An auditorium of approximately 600 seats was not enough to house the crowd of people who flocked to the Saint Joseph University (USJ) campus today. What looked like 1000 people turned up for Carlos Ghosn’s conference on Renault and Nissan’s journey amidst the economic crisis.
Due to the incompetance of the Lebanese public, the schedueled start time of 530 dragged to 545. Ghosn fans filled the aisles in discontent, hoping for a seat to appear beneath them.
At 536, Ghosn appeared from behind the curtain and greeted his guests at the front row.
The conference took place, to my dismay, in French. For that reason I focused on getting a question in at the end of his lecture, 55 minutes later. I have to say, he is an excellent public speaker.
“Do you think that supplying engines in Formula 1 is still a worthly platform for Renault?”
All audience members were asked to write down their questions on a piece of paper for Ghosn to answer. Unfortunately, he didn’t have time to answer them all, which made me want to rip off my ears.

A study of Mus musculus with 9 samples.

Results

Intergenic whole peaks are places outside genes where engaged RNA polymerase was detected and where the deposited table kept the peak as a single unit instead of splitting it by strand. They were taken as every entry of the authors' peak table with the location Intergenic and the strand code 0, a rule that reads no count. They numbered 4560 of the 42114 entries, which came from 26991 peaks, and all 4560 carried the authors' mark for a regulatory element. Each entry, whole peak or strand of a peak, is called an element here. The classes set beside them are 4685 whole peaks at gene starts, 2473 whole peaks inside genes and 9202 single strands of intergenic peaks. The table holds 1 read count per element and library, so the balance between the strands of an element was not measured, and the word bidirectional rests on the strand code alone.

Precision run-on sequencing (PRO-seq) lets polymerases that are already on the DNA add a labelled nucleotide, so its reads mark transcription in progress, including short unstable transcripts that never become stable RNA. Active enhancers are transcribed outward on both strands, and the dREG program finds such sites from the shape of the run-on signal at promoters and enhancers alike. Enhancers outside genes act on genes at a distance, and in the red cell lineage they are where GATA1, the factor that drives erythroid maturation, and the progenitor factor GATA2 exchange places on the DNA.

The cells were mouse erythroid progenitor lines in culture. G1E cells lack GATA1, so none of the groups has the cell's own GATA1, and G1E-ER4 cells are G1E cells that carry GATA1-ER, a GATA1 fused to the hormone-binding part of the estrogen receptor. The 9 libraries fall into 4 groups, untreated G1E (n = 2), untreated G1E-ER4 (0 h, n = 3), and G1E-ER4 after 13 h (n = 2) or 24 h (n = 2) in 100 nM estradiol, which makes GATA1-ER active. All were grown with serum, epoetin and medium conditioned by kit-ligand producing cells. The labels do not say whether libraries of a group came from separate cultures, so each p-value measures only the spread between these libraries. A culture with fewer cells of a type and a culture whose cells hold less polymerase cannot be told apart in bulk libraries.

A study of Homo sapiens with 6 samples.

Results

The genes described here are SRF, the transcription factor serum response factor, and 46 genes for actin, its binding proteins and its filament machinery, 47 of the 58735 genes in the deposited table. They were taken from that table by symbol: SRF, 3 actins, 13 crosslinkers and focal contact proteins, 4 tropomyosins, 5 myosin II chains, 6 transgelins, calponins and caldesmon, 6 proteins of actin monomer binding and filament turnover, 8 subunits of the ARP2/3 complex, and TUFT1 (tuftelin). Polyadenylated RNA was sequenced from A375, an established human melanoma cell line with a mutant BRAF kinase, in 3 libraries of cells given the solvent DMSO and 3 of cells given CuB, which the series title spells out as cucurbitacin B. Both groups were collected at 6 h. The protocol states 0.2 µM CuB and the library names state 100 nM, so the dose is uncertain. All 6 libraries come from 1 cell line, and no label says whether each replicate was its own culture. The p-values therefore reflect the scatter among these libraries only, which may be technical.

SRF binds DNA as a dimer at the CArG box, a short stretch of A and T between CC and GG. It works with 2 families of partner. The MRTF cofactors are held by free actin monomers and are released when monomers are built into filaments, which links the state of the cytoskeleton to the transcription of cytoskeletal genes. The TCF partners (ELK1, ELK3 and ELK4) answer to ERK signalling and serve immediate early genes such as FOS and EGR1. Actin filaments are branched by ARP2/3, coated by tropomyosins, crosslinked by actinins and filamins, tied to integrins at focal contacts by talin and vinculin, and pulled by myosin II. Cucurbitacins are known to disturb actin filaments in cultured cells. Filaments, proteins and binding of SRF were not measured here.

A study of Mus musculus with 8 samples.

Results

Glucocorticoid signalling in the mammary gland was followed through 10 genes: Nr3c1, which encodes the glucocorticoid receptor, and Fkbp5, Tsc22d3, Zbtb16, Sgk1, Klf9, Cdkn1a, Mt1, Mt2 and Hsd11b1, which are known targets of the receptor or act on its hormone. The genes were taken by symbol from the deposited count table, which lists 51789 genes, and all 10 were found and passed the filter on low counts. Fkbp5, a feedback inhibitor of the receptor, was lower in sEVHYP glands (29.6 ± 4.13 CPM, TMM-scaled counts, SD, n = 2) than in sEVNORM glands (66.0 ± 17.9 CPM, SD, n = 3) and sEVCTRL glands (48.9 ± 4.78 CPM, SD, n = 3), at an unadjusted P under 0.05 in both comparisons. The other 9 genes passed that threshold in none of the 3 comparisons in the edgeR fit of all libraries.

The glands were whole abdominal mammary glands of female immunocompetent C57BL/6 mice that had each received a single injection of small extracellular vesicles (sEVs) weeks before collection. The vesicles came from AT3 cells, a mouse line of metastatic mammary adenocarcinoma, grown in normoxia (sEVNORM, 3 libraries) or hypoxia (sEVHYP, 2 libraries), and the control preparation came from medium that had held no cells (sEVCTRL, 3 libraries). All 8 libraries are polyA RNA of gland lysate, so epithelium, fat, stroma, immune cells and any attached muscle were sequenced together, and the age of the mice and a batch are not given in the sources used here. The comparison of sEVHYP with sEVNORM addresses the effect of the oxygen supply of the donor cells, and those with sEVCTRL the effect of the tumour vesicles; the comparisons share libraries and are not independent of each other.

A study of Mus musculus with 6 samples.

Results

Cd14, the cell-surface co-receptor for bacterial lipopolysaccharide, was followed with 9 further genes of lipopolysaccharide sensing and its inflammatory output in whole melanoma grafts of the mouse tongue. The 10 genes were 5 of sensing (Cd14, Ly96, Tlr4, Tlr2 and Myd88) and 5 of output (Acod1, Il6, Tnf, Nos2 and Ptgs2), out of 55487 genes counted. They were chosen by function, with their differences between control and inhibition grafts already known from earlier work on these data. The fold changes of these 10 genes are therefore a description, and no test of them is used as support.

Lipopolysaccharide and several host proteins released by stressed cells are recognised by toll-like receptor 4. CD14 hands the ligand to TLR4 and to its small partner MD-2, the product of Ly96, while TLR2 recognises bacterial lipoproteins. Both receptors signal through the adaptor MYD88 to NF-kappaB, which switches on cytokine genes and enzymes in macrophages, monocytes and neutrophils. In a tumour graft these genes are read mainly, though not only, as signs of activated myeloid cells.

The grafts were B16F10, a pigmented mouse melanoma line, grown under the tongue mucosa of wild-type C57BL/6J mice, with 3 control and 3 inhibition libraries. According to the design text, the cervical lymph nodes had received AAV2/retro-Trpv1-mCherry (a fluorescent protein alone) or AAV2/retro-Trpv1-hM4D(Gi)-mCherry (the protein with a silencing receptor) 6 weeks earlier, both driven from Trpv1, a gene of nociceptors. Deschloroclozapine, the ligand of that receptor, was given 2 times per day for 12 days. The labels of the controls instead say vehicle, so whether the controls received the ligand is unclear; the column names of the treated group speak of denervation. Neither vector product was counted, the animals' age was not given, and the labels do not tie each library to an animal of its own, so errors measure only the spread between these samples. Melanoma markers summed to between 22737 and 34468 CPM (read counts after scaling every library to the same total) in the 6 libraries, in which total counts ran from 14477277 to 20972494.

As I bullied my way through the crowd onto the long table of free food, I stuffed myself with tuna, cheese and Za’atar and as I picked my teeth, a large amount of people began to gather around an empty section of the hall. Ghosn had emerged to say hello and I managed to get my question through to him then. He replied.
“I have been asked this many times after 2008. We will continue to supply engines until the time comes when we can’t. What I want to see is zero emissions and with something like this sport, I don’t see it happening,” he ends negatively, in his very French English tone.
Brief and not exactly what I was looking for.
I hate answers that are not clear and to the point. Nevertheless, I was able to get something.
Zero emissions is possible. The explosion of hybrids and EV’s and Hydrogen powered vehicles is proof that the technology will transfer into Formula 1. I’m just worried about that high pitched tone we love so dearly. Every transformation from gas to battery seems to lose its sound track and I can’t have that. Imagine watching Formula 1 on television…with the mute button pressed. That would be F1 a la EV and I would pass out almost immediately.
For this year, the Renault F1 Team have an important sponsor by their side: Lada – a trademark to Russia’s largest automaker, AvtoVAZ. With the signing of Russian driver Vitaly Petrov, it seemed fitting that Lada sponsor the first Russian Formula 1 driver. Renault owns 25% of the company and aims at putting together a successful 2010 season.